Macau (MNA) – Macau has been completely cleared from the European Union (EU) tax haven’s list of jurisdictions ‘subject to close monitoring,’ the EU Council announced.
The Special Administrative Region (SAR) was originally removed from the EU blacklist in January 2018, joining then a separate category of jurisdictions, ‘subject to close monitoring,’ following measures to remedy the previous concerns that the EU Council had regarding its tax legislation.
This year’s blacklist by the EU Council includes 15 countries, with the new addition of Aruba, Barbados, Belize, Bermuda, Dominica, Fiji, Marshall Islands, Oman, United Arab Emirates and Vanuatu.
“Since it was first adopted in late 2017, the list has proven its worth in promoting forward in a co-operative manner the EU’s agenda of improving global tax practices, fighting tax avoidance and improving good governance and transparency: more than 30 jurisdictions have already delivered on their commitment to pass tax reform,” Romanian Finance Minister Eugen Teodorovici, who chaired the EU session, was quoted as saying.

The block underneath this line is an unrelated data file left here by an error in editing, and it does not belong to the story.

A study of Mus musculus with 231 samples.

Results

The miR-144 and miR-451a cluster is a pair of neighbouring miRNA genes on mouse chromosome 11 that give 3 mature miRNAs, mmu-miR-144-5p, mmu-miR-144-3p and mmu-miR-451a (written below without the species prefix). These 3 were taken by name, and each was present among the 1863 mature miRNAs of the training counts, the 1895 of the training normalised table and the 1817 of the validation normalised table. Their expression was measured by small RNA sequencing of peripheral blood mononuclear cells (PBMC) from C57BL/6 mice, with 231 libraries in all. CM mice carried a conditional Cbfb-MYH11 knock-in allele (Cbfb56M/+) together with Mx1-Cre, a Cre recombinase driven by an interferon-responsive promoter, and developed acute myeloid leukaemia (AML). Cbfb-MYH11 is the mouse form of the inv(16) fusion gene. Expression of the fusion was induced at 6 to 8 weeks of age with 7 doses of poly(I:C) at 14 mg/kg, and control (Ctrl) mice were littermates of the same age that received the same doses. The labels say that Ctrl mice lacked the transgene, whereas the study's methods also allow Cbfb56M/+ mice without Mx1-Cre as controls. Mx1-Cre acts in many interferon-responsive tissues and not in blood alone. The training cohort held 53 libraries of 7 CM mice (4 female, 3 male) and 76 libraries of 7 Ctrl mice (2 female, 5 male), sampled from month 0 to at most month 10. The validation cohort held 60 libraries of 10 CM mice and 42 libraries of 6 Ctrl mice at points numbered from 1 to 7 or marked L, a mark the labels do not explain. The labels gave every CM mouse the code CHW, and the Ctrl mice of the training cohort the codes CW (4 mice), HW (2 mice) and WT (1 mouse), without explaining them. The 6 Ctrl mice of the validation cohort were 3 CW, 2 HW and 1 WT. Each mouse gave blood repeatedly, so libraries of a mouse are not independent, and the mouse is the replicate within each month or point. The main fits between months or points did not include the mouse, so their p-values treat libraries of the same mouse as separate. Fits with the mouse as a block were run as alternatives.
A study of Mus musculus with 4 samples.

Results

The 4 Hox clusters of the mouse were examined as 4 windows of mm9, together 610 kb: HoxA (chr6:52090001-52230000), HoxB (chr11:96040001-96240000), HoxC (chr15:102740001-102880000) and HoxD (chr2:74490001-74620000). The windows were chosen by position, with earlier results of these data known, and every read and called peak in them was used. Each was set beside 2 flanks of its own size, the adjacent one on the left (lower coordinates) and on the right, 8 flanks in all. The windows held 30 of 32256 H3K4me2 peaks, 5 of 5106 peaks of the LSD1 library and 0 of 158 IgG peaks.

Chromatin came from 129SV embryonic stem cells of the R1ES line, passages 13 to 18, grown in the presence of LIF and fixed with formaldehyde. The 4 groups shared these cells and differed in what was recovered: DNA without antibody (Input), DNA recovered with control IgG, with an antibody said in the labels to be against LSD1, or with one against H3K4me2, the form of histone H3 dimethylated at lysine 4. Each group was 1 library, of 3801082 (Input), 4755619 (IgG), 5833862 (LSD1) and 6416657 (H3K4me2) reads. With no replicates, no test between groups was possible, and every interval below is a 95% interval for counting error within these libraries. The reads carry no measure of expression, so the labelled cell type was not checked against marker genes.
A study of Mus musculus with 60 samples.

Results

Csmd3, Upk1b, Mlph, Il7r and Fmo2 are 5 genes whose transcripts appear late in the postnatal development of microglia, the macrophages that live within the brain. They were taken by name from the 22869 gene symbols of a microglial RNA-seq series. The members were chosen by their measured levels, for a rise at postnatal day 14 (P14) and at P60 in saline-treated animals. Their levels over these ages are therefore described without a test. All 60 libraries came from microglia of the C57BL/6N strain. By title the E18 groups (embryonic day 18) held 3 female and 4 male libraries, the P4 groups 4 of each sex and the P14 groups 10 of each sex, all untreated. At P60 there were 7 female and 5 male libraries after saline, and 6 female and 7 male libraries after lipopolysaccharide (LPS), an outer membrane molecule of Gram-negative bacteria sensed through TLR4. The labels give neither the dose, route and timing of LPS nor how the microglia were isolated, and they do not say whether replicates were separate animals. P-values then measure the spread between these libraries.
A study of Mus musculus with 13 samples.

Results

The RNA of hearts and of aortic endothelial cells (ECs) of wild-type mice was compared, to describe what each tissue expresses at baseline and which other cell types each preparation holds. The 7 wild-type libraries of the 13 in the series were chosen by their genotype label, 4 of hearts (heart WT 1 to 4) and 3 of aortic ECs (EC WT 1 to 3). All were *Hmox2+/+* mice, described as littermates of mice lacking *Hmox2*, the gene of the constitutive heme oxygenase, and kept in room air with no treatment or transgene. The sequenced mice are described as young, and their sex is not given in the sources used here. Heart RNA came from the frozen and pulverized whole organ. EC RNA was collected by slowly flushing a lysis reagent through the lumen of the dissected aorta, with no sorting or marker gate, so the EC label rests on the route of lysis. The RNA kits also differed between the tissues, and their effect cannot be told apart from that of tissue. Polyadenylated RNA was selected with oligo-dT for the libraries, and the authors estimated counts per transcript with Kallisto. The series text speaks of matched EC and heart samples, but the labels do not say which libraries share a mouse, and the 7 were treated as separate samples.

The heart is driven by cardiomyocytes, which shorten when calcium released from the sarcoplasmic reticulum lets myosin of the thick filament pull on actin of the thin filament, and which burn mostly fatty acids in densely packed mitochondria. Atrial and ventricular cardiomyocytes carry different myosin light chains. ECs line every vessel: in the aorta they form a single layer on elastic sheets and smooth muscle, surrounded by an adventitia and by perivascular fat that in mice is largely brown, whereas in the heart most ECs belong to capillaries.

The list of tax havens was prepared in parallel with the global forum on transparency and exchange of information for tax purposes by the Organisation for Economic Co-operation and Development (OECD).
Since being removed from the blacklist in 2018, the Macau SAR Government had pledged to improve the legal regime of the offshore business sector.
Macau has signed an agreement which took effect on September 2018 to start complying with automatic financial exchange regulations, following OECD standards.
In addition, an offshore company law had been abolished.
The abolishment of the law in question means that companies operating under the previous ruling will be only allowed to run offshore institutions with a special tax-free status, as well as exemption of stamp duty, until June 2021.